Happy second day of Fall! Here in Southern California, there isn’t much evidence of the changing seasons, but I’m getting myself in the spirit anyway. As someone raised in the Midwest, I look at photographs of the beautiful fall leaves with envy as my palms, pines, and pepper trees defy the calendar-approved official autumnal months. So to bring the beauty of fall to me, I chose the color changing autumn leaf as my subject for a quilling project. 

I consider quilling, otherwise known as paper filigree, an art with deep history and is thought to have originated in ancient Egypt. Quilling is an art form which takes skill and patience, as well as the usual practice to make an artist or craftsperson confident. I’ve shared some quilling projects with you before, and have been practicing since then to boost my artistic confidence.

There are tools and materials which aid in this amazing craft making exacting designs possible. Paper strips can be purchased pre-cut in different lengths, widths, colors, and patterns. The winding and curling of the paper can be done with a myriad of tools designed to give tighter or looser forms. There are stencils and templates for shapes, even combs to make an advanced weaving technique simple. These tools are all very useful and quite amazing in their variety. And I don’t use any of them. 

Here is what my set up looks like:

My form of “quilling” lends itself more to paper art, paper manipulation an abstract way to create a quilled look. My paper strips are not exact because I cut them myself with the help of a paper cutter. Each shape is not identical, color patterns are a bit more random. I favor a pencil or paintbrush as my tool to wind the paper, rather than the specific tools made for quilling, even though I have those in my art supplies too. I feel it is almost like unpracticed historic folk art.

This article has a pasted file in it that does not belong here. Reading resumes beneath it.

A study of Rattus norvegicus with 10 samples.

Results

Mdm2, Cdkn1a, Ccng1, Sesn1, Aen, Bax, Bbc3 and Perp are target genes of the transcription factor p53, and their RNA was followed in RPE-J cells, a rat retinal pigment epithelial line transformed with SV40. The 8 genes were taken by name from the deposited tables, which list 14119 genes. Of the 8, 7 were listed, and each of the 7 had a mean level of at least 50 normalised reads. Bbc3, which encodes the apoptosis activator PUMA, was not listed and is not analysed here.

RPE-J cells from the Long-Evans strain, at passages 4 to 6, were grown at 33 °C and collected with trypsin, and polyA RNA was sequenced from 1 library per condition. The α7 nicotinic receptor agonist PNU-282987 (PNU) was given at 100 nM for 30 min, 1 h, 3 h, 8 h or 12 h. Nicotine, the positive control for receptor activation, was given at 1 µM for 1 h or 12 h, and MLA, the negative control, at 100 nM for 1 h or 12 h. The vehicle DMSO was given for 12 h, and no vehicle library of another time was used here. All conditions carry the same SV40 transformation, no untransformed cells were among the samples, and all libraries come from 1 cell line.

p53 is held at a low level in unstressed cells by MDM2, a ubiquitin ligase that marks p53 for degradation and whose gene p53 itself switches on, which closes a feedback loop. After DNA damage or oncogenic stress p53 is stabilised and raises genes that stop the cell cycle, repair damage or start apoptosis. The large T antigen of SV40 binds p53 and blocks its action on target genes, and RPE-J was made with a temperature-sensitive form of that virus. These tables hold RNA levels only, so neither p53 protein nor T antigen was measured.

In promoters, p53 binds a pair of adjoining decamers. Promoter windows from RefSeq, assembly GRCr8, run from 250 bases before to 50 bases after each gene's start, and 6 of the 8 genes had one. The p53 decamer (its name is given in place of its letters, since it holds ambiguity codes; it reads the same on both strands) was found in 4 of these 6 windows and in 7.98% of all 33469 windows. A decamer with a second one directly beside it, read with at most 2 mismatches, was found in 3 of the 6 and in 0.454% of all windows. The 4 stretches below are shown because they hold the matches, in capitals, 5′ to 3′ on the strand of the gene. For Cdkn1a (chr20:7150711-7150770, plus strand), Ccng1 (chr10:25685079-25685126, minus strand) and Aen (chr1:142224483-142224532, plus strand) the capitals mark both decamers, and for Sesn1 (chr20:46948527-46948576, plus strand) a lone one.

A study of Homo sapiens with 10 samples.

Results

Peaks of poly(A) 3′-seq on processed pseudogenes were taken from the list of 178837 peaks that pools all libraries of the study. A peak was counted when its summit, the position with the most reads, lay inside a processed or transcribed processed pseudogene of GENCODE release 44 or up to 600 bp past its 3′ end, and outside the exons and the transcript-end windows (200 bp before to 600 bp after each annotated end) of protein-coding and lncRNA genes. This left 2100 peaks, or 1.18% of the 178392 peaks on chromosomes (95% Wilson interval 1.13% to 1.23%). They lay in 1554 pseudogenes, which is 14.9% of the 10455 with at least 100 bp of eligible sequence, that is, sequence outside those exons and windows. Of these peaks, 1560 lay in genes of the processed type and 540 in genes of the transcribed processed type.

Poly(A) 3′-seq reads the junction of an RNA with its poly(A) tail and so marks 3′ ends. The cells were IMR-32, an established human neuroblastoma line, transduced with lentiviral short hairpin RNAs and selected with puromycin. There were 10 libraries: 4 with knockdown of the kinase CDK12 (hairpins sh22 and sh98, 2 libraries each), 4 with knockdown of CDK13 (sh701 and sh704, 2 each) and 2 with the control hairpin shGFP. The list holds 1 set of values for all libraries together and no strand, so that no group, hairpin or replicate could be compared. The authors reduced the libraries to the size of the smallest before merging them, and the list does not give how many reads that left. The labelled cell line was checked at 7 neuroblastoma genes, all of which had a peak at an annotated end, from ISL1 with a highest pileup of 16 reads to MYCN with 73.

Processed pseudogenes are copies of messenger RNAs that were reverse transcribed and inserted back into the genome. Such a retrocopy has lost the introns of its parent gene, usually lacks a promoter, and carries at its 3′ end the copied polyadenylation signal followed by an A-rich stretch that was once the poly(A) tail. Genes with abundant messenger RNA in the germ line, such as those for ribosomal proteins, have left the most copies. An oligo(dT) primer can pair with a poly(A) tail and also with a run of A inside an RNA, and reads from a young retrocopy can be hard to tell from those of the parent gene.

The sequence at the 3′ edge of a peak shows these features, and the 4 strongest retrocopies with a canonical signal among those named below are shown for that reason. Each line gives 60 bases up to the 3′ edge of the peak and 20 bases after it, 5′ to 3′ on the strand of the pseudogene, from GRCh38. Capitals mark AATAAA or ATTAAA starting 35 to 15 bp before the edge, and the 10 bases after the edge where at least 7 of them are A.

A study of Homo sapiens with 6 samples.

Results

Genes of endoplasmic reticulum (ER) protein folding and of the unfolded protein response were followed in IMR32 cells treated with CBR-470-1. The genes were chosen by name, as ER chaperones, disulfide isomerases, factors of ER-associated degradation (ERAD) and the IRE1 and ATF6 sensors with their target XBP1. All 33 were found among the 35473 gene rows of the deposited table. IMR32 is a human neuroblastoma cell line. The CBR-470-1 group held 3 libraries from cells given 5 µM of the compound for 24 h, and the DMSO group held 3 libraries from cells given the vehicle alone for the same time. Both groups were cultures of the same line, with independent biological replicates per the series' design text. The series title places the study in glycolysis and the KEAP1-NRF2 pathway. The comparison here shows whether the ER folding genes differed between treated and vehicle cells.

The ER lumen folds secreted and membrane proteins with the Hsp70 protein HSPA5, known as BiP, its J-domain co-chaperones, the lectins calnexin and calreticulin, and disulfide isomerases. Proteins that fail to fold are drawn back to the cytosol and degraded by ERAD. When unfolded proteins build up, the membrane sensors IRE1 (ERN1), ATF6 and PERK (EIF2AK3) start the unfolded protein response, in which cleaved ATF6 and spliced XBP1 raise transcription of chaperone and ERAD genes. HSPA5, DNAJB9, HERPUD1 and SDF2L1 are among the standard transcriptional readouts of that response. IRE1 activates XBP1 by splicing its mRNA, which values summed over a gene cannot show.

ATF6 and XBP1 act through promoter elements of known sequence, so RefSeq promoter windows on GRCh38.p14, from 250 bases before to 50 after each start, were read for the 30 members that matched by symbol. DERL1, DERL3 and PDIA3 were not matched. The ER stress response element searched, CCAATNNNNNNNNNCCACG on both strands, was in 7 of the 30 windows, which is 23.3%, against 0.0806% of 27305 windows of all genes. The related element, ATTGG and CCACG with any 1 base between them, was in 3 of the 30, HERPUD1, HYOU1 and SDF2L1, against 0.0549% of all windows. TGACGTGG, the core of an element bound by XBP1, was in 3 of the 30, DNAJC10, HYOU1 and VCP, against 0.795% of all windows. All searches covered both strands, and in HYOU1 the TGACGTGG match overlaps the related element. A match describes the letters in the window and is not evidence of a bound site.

Now, I mean no disrespect to the artisans, craftspeople, and inventors who develop and create such wonderful tools and beautiful pieces of quilling art; they are impressive, and I am inspired by their effort and artwork. It’s just I personally have a difficult time following fundamental methods. My mind and hands seem to have a “go for it” mentality.  Stretch the rules, relax, follow the flow and do it your way.

Which brings me to the leaf design in this lesson. I stuck with a stereotypical fall leaf shape, like one from a maple tree, but once I began to fill in this design my “go for it” kicked in. I limited myself to just a few standard quilling shapes let my color plan fall into place as I grabbed what appealed to me. I pre-rolled the ends of some pieces to make the process easier. Being prepared and spending time on a little extra prep work and organization, like pre-curling some paper strips for quilling, makes me feel more confident and calmer when I’m creating my artwork.

My two examples are very different, as I had a different time frame for finishing each one. The first was done in spurts of time, picking it up and putting it down when I needed to, with no concern for how long it took.

The second, the leaf from the video, I  completed from start to finish in about 20 minutes and in one sitting. Doing your crafts and artwork in a limited time frame really affects the “exactness” of your piece.  Yet the spontaneity of time limits is also a gift as you can “go for it”.

If you have the freedom to do so, taking your time for any project will bring different results than you would have in a time crunch, but do not let it make you overthink or judge your work too harshly. Remember, this is a learning journey always. Keep in mind what your intentions are, feel free to take as much or as little time as you please because it is YOUR work.

Art has that freedom to it, no correct answer as you learn, no mistakes if you keep trying and a wealth of knowledge from your efforts.

So, if you’re one who enjoys and feels comfortable with exactness, then you do it. If you’re apt to “go for it” and see what develops, then do it. The time you take contributes to your uniqueness as an artist, putting your personal stamp on it, and no one can take that away.